Lawyers defending Sergei Ivanov Antonov against charges that he was involved in the May 1981 papal shooting have quoted witnesses as saying that the Bulgarian was at his airline office on the day of the attack rather than at the scene of the shooting as the would-be assassin has claimed.

According to detailed but unsourced reports in all leading Italian newspapers this week, the witnesses gave testimony aimed at establishing alibis for Antonov on the day of the shooting and the two days preceding it.

Italian Judge Ilario Martella, who heard depositions Thursday from seven or eight Bulgarian and Italian defense witnesses, must decide within a week whether the alibis are strong enough that Antonov should be released.

The press reports on the hearing have led to speculation in the media and among some government officials that the charges against the 34-year-old Antonov may be dropped and that he may be expelled from the country. Such a move would seriously weaken the theory that Soviet Bloc agents had masterminded the attack on Pope John Paul II because of irritation with his support for the independent union Solidarity in his native Poland.

The strength of the defense's case appeared to depend in part on the reliability of the witnesses. The Bulgarian government has strongly rejected suggestions that its citizens were involved in the shooting, and its employes at the airline office or the Bulgarian Embassy might not be considered to be objective.

Antonov was arrested Nov. 25 after convicted papal attacker Mehmet Ali Agca reportedly said that Antonov and two other Bulgarians went with him to St. Peter's Square on the day of the shooting, May 13, and had helped him on May 11 and 12 to prepare the attack.

The other two Bulgarians implicated in the case, embassy cashier Todor Aivazov and former secretary to the Bulgarian military attache Zhelyo Vasilev, had left Italy before the accusations were leveled and thus have not been detained.

Italian lawyers Giuseppe Consolo and Adolfo La Russa yesterday submitted an eight-page legal brief asking for Antonov's release because of lack of proof of the charge of "active complicity" in the attack. Consolo today expressed optimism, saying that the lawyers were awaiting Martella's decision with "trusting expectation."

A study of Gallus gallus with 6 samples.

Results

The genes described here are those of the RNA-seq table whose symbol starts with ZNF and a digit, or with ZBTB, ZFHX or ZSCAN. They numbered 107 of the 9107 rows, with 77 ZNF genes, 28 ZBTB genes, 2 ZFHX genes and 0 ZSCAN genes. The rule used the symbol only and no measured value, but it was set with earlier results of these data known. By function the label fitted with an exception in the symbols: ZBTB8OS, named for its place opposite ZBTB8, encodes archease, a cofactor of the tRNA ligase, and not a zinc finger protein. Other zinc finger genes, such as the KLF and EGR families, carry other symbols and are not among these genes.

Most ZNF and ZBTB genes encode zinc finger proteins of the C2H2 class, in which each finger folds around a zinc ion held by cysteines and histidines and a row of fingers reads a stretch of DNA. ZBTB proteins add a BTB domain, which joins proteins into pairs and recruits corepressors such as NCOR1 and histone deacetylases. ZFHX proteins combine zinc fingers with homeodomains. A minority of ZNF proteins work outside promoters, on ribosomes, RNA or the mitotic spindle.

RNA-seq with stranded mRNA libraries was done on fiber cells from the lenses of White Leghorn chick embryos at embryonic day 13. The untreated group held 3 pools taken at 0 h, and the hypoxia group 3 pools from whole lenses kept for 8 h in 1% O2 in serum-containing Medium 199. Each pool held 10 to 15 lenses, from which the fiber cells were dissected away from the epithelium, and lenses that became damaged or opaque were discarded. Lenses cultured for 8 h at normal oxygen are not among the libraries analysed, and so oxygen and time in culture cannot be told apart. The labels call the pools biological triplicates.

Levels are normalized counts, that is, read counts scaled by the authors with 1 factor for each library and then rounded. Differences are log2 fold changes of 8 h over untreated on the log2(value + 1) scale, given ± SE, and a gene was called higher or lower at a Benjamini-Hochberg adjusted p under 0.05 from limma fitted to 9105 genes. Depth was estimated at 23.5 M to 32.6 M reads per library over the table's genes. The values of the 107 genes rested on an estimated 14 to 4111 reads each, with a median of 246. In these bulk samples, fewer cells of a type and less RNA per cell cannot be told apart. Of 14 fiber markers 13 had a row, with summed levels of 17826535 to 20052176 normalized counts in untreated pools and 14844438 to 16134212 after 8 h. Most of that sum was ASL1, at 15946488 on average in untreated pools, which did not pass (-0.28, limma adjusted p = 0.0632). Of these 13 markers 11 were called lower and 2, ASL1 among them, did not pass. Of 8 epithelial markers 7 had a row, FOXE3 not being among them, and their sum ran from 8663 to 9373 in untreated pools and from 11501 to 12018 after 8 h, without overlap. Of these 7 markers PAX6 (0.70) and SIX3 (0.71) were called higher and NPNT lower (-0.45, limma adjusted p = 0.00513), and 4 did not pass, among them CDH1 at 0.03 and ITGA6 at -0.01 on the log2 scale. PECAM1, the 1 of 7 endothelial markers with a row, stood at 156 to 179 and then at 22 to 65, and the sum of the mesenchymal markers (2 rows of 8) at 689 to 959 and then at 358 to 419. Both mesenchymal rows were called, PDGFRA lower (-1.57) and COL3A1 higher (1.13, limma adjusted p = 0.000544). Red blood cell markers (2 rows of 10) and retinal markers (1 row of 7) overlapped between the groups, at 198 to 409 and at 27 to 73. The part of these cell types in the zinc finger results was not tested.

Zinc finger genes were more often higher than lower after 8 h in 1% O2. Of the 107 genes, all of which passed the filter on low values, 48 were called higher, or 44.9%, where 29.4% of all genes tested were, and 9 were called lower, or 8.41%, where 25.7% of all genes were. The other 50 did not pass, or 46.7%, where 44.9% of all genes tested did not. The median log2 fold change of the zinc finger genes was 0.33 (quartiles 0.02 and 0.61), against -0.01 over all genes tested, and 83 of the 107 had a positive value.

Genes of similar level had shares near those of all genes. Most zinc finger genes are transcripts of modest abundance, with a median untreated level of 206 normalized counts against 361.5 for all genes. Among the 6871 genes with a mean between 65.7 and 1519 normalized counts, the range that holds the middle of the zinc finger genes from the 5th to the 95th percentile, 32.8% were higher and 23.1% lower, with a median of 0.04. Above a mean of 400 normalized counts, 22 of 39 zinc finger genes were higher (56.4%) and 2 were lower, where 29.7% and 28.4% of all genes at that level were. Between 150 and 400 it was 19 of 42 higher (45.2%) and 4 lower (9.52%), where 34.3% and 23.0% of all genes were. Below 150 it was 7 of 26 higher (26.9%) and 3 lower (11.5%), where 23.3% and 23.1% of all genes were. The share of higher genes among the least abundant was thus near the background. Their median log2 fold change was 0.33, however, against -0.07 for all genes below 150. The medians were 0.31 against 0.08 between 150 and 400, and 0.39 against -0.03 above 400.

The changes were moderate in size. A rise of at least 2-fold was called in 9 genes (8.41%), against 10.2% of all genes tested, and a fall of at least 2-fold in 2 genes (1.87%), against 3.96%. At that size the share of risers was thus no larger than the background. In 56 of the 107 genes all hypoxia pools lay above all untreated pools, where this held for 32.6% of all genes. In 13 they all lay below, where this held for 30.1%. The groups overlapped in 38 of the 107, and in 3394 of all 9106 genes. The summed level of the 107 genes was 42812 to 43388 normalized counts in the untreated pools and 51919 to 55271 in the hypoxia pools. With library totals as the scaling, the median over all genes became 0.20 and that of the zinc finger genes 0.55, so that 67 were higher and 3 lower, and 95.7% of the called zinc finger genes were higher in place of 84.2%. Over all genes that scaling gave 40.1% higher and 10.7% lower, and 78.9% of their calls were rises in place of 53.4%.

Consolo declined to provide details on his witnesses' testimony, but all of Italy's major newspapers provided similar accounts of what was said.

The witnesses were reported to have testified that on May 11, Antonov was busy most of the day at Rome's Leonardo da Vinci Airport handling a shipment of racing bicycles to Bulgaria. On May 12, he was described either as working at his Balkan Air office or carrying out special vigilance duties at the Bulgarian Embassy.

Other witnesses are said to have confirmed that Antonov was in the Balkan Airline office on the day of the shooting, that he learned of the shooting by phone from the mother of one of his employes and that he subsequently rushed to his car to get a radio that he brought into the office and followed reports of the shooting.

Today's press reports also said that the defense lawyers' brief included photographs showing that in May 1981 Antonov did not have the mustache that he now sports. Agca is reported to have described Antonov as having a beard and a mustache, although at one point he is said to have told Martella that the beard could have been false.

The leaks regarding the defense testimony apparently were all from the same unidentified source. They have given rise to speculation that Agca may have deliberately tried to implicate the Bulgarian and that someone may have given him the information necessary to do so, presumably to discredit the Soviet Bloc country. The respected Milan daily Corriere Della Sera said today that this was the defense lawyers' position.

Judicial sources have confirmed that Agca insisted, in his first confession after being captured, that he had acted alone. The question--as yet unanswered--is why he has changed his story and whether it should be believed.

According to press reports, some of which have been confirmed by judicial or police sources, Agca backed up his story of Bulgarian complicity by providing phone numbers and addresses for Antonov and Aivazov as well as descriptions of their Rome apartments.

A spokesman for the Bulgarian Embassy said today that Agca's story, as reported, included several notable inconsistencies. He also suggested that Italian authorities may have ignored diplomatic rules to obtain information about the three Bulgarians implicated in the case.

The spokesman, First Secretary Vassilli Dimitrov, said that reports that the Turkish terrorist had Aivazov's telephone number were meaningless because Aivazov never had a phone. He said that Agca's claim to know the Bulgarians only by code names meant that his knowledge of the embassy switchboard's number would have been useless.

Dimitrov said that Aivazov's apartment is in a building owned by the Bulgarian Embassy that enjoys extraterritoriality, and a formal request by Italian judicial authorities would have been necessary to see the apartment and verify Agca's alleged description. Such a request never has been made, Dimitrov said, adding that the Bulgarian Embassy has sent four diplomatic notes to the Italian Foreign Ministry since September complaining about alleged break-ins in the building.

Investigating magistrate Martella yesterday flew to Munich to question another potential witness in the case, a Turkish businessman who was a former associate of Turk Bekir Celenk. Agca reportedly has said that Celenk offered him 3 million West German marks (about $1.25 million) to shoot the pope.